By Michael Bergan

    At RWRD, we perform work on many different surfaces. Some of these surfaces include rocky soil, pavement, concrete and elevated surfaces such as catwalks and aerial work platforms. In addition, merely walking to and from our personal and/or work vehicles can involve a variety of surfaces. 

    All of the above, along with many other types of surfaces, present significant opportunities for slip, trip and fall injuries to occur. In fact, this year alone, the RWRD safety office had seven incident reports come through that involved either a slip, trip or fall. Hence, this is the focus of this month’s safety article.

    Many people don’t realize that surface irregularities of even slightly less than a fourth of an inch may be enough to cause a trip. In addition, a loss of balance leading to a fall can arise when one unexpectedly comes into contact with something or someone. Falls initiated by slips are the most prevalent type, however.

    What this means is that we all need to pay attention to where we are walking and what we’re doing in order to avoid slip, trip and fall incidents.

    Some simple rules to follow:
    • Concentrate on what you are doing, where you are going, and what lies ahead. 
    • Repair, remove, report or avoid hazards in your path.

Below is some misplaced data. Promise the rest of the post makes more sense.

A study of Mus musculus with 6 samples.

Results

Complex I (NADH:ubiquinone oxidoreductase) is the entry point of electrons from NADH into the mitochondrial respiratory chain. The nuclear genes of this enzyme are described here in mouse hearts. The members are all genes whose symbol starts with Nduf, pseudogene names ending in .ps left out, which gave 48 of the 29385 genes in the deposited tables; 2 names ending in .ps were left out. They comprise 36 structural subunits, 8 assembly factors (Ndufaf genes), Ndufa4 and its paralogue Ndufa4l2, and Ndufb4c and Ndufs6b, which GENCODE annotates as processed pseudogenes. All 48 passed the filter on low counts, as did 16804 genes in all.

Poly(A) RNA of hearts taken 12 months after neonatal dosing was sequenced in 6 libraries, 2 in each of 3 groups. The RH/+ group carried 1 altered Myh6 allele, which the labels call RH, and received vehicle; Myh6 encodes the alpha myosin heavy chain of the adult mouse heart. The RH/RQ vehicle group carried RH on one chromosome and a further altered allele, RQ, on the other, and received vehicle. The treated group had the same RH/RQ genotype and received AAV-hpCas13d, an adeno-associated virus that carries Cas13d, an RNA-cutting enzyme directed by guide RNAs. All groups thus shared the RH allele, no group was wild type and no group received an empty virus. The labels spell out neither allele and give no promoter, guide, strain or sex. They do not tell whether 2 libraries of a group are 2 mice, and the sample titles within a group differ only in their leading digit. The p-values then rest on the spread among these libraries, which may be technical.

• Watch out for surfaces that are uneven, wet, or have holes. 
    • Clean up or report spills. 
    • Avoid carrying loads you can’t see over. 
    • Route (or properly cover/delineate) extension cords, hoses, etc., away from foot traffic. 
    • Ensure that there is adequate lighting. 
    • Use the three-point rule of one hand and two feet, or one foot and two hands, when using stairs, climbing on and off equipment, or using ladders. 
    • Report defective equipment or hazardous conditions immediately. 

    There are less talked-about factors that may contribute to slips, trips and falls as well.

    There are several studies which examined the relationship between aging and slip, trip and fall incidents. With a significant portion of RWRD workers eligible for retirement, this is worth addressing. 

    While many of the findings have been contradictory, one study indicated that increased susceptibility to slips, trips and falls with aging only becomes a factor in older workers that have had a certain level of age-related changes regarding fitness, strength and balance. Body mass, which frequently increases as people age, also appears to be a contributing factor.

    Pima County offers several health and fitness options contained in the Benefits and Wellness section of the intranet that encourage healthy, active lifestyles.

    Finally, studies have shown that there is direct correlation between incident rates, including slips, trips and falls, and the safety climate of an organization. To sum it up: the better the safety climate, the lower the incident rate.

    Essentially, safety climate can be defined as the perceptions of employees about the importance of safety within their organization. This includes policies, management attitudes, and worker beliefs regarding safety.

    From the top down, RWRD never stops focusing on safety, including that of its workers and the general public. A positive safety climate increases morale, increases worker perception that their workplace is safe, and serves as motivation to keep it that way.

    This has only touched on a few of the many ways we can prevent slips, trips and falls. Centering our attention on the information above can result in a reduction of the likelihood that an incident will occur, and put us one step closer to our goal of zero reportable incidents.